China's new research aircraft for geological survey put into use
China on Wednesday announced it is officially putting its new comprehensive research aircraft into operations to carry out geophysical survey and remote sensing missions.
China Geological Survey, under the nation's Ministry of Natural Resources, made the announcement at the ongoing China Mining Conference and Exhibition 2019 in north China's Tianjin Municipality.
According to experts from the institution's research center, China Aero Geophysical Survey and Remote Sensing Center for Land and Resources (AGRS), the research aircraft, called "Hangkong Dizhi No. 1", can fly a distance of 4,000 kilometers at a speed of 280-500 kilometers per hour, at altitudes ranging from 200 to 10,000 meters.
It means the aircraft, the largest of its kind in the world, is able to conduct all-terrain geological surveys both on land and sea.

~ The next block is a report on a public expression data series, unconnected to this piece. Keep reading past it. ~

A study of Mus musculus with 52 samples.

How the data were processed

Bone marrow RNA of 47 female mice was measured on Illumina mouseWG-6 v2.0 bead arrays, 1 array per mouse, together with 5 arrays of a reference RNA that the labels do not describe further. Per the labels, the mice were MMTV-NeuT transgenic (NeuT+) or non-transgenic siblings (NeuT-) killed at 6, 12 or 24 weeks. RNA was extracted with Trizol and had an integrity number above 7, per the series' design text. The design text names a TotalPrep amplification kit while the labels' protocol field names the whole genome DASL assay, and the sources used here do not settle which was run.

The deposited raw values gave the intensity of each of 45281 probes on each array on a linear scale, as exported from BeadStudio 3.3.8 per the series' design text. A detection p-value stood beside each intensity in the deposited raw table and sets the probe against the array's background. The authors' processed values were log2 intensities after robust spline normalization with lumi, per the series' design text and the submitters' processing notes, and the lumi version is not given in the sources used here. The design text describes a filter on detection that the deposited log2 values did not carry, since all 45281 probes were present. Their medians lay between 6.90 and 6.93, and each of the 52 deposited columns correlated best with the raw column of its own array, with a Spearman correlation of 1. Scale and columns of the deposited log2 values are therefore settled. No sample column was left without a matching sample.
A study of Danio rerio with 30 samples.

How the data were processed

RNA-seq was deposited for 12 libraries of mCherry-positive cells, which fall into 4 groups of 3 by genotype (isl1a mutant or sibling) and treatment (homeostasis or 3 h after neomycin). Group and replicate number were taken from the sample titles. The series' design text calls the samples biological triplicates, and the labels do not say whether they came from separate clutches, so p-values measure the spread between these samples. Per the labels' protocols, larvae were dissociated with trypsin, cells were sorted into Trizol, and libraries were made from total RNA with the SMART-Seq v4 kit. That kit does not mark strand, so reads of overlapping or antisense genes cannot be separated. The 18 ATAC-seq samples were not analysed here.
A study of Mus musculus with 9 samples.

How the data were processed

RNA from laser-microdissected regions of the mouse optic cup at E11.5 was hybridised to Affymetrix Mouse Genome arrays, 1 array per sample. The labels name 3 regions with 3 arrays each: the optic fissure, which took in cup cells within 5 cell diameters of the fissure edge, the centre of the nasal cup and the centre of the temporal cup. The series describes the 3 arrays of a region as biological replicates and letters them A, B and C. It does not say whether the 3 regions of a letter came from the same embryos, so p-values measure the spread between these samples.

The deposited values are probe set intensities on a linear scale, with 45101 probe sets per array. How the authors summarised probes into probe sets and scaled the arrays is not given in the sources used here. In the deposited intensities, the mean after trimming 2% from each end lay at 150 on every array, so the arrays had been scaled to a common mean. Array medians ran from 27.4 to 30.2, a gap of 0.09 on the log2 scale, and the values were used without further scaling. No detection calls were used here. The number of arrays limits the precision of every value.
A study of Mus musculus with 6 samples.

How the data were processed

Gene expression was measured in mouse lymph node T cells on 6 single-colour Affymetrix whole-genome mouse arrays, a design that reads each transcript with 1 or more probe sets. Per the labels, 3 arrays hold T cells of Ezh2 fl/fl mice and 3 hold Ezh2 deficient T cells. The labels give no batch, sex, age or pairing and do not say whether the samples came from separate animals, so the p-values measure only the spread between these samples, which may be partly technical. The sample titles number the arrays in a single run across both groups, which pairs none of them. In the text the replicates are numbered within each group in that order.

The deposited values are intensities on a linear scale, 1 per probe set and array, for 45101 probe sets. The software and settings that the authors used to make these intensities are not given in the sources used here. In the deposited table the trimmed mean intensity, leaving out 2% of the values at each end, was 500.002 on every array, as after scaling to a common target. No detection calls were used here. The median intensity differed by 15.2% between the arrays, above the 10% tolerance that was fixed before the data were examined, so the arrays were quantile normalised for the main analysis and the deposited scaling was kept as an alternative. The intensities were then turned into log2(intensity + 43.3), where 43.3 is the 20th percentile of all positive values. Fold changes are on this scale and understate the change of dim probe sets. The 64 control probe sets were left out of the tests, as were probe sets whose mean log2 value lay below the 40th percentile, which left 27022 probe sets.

"The 4,000-kilometer voyage indicates that one sortie of the aircraft can cover an area like the city of Shenzhen (about 2,000 km) with precision of 1:50,000. And with a precision of 1:100,000, a sortie can survey a doubled area. Therefore the plan can realize the land survey of our country's 9.6 million square kilometers of land territory and the marine survey over three million square kilometers of blue territory, or in other words, the full coverage survey of both land and sea," said Chen Bin, deputy chief engineer of the AGRS.
The research plane has excellent geological survey capabilities as it is highly integrated with multiple aero geophysical surveys and remote sensing devices.
"The aircraft can carry out flight for aero geophysical survey, remote sensing, and is able to conduct the stereo survey of both surface and groundwater world. We have overcome the interferences happened among a variety of signals, especially those formed during parameter modification. It is the only one in the world that has realized the four parameter modification of aero geophysical survey and remote sensing on one plane," explained Chen.
The AGRS also said that since the research plane entered trial operation at the beginning of the month, it has carried out multiple aero geophysical surveys on oil and gas resources in China's Qinghai-Tibet region and South China Sea areas.